Helping Keep a Legacy of African American History Alive in St. Landry Parish

Sunada Brookins, February 23, 2021

Louisiana is rich with hidden gems reflecting the diverse cultures that come together to create the state’s unique character. One of those diamonds in the rough, the Rural African American Museum, sits unassumingly in the heart of Opelousas, an unexpected treasure trove of displays and artifacts highlighting 100 years of everyday life for African Americans in St. Landry and surrounding parishes.

 

In 2020, though, the non-profit cultural center came very close to closing its doors for good.

 

Since establishing the museum 27 years ago, founder and curator Wilken Jones has depended on grants, donations, fundraisers, and volunteers to run the admission-free museum. Amid the coronavirus crisis, however, money to maintain the museum became scarce.

 

When Hancock Whitney learned the museum was at risk of shutting down permanently, we felt we had to help and stepped up with a $5,000 donation to help keep the Southwest Louisiana landmark in business.

 

Helping Keep the Doors Open. Rural African American Museum founder and curator Wilken Jones (center) accepts a $5,000 donation from Hancock Whitney to help maintain and expand his invaluable Opelousas repository of African American history in St. Landry and surrounding parishes from the 1860s to the 1960s. Also pictured (from left): Hancock Whitney Retail Sales Leader Lexi Baldridge; Financial Center Leader Denise Collins; Client Solutions Leader Marshell Rosette; and Regional Sales Leader Stephen David.

 

We were born in the Gulf South, and preserving the region’s history is important to us. The Rural African American Museum is an educational experience that lets us look first hand at a century of African American life and become more aware of the history, community identities, and ways of life that have influenced culture and opportunity in Acadiana and across the region for generations—differences that ultimately bring us together and keep us strong.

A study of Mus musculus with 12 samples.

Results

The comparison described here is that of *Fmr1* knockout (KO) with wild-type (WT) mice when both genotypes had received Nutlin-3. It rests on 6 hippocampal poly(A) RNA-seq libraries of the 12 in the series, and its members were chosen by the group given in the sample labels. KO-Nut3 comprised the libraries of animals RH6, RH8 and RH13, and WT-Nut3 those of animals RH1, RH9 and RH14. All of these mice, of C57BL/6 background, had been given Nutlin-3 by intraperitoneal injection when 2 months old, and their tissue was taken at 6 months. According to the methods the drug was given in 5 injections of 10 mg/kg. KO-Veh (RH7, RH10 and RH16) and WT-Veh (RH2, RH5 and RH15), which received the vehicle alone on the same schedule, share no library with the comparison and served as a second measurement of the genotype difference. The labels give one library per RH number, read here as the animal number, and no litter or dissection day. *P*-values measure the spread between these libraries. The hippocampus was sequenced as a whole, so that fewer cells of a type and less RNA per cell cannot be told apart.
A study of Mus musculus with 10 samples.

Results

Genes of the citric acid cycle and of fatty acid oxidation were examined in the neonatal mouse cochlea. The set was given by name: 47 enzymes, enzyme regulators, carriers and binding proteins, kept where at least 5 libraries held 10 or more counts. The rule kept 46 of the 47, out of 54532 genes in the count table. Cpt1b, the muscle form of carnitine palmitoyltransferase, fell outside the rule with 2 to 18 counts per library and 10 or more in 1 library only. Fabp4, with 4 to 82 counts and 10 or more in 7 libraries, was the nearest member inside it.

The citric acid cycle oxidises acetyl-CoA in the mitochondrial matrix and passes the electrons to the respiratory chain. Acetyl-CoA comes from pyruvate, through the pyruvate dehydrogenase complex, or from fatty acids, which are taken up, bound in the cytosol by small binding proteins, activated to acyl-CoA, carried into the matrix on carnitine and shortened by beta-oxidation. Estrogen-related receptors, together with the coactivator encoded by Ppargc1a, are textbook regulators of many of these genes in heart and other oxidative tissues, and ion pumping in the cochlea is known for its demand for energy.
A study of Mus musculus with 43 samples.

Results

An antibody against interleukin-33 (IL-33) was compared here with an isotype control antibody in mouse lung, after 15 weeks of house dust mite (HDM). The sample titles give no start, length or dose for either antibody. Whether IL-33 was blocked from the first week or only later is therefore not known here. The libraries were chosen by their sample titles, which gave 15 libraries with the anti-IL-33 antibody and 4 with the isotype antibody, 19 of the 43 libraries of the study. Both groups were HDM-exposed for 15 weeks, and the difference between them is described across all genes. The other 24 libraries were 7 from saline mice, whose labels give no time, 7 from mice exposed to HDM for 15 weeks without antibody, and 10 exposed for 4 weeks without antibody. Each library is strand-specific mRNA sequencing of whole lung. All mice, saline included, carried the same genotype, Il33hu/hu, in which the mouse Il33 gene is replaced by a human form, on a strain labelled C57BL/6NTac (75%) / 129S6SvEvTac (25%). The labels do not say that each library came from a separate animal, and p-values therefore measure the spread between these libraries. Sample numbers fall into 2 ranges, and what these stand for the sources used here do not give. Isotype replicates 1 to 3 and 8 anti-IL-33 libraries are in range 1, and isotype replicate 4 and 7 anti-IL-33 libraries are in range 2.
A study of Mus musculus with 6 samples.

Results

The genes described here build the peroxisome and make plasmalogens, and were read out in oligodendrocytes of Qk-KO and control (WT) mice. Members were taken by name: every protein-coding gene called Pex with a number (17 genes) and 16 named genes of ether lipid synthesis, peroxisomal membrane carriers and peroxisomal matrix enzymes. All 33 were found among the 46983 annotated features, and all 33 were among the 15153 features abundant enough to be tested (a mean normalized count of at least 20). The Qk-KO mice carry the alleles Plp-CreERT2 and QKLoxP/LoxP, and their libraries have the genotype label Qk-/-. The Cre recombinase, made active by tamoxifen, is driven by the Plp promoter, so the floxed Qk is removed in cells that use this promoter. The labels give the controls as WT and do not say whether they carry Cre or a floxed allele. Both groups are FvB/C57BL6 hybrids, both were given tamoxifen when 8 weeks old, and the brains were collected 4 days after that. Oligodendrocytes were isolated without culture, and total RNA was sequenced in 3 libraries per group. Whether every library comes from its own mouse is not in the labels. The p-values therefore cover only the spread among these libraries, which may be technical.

Supporting the museum also aligns with our core values, our commemoration of Black History Month, and our ongoing diversity, equity, and inclusion commitment to celebrate and help educate our teams and our communities on Black Americans’ contributions to a vibrant Gulf South.

 

Struggles, Success, and a Caring Community

Wilken Jones first opened the Rural African American Museum in the unincorporated St. Landry Parish community of Plaisance in 1994. In 2019 he moved the museum to Opelousas’ Main Street. Packed with information and pieces Jones has thoughtfully amassed over many years, the museum offers an invaluable look at African Americans’ struggles and contributions in Acadiana.

 

Exhibits depict African American homes, schools, churches, businesses, music, sports, and agriculture from the 1860s to 1960s. Displays also chronicle Jones’ own story as the great-grandson of an escaped slave.

COVID-19 precautions caused the Rural African American Museum to close temporarily to visitors in March 2020. As the pandemic continued and the museum’s financial plight grew, concerned St. Landry Parish leaders, businesses, and citizens rallied to make sure the museum could pay the basic bills. Hancock Whitney’s donation will help maintain and expand the museum’s exhibits.

 

Hancock Whitney Opelousas associates Denise Collins and Marshell Rosette helped facilitate the bank’s donation. Both women have been longtime advocates for the museum. Before COVID-19 Marshell created a Facebook story telling what the museum means to the St. Landry Parish community. Raised in the area, she’s proud of Mr. Jones and the museum for helping the community understand and appreciate the African American history that has been such an influence on American history. Marshell believes the museum is way to bring the community together because “textbooks can only teach so much.”

 

Mr. Jones has dedicated his life to history and culture and has considered the museum a way to make St. Landry’s African American heritage interesting and educational for the community and, especially, students. In fact, young people’s reactions to exhibits that document the lives and tribulations of their ancestors give the 77-year-old retired teacher and Vietnam War veteran the drive to ensure the museum stays open.

 

As he says, “If you know where you come from and you know where you are, you know where you want to go.”

 

At Hancock Whitney, we’re honored to be part of a community effort to help Mr. Jones go far in keeping his vision of the Rural African American Museum alive.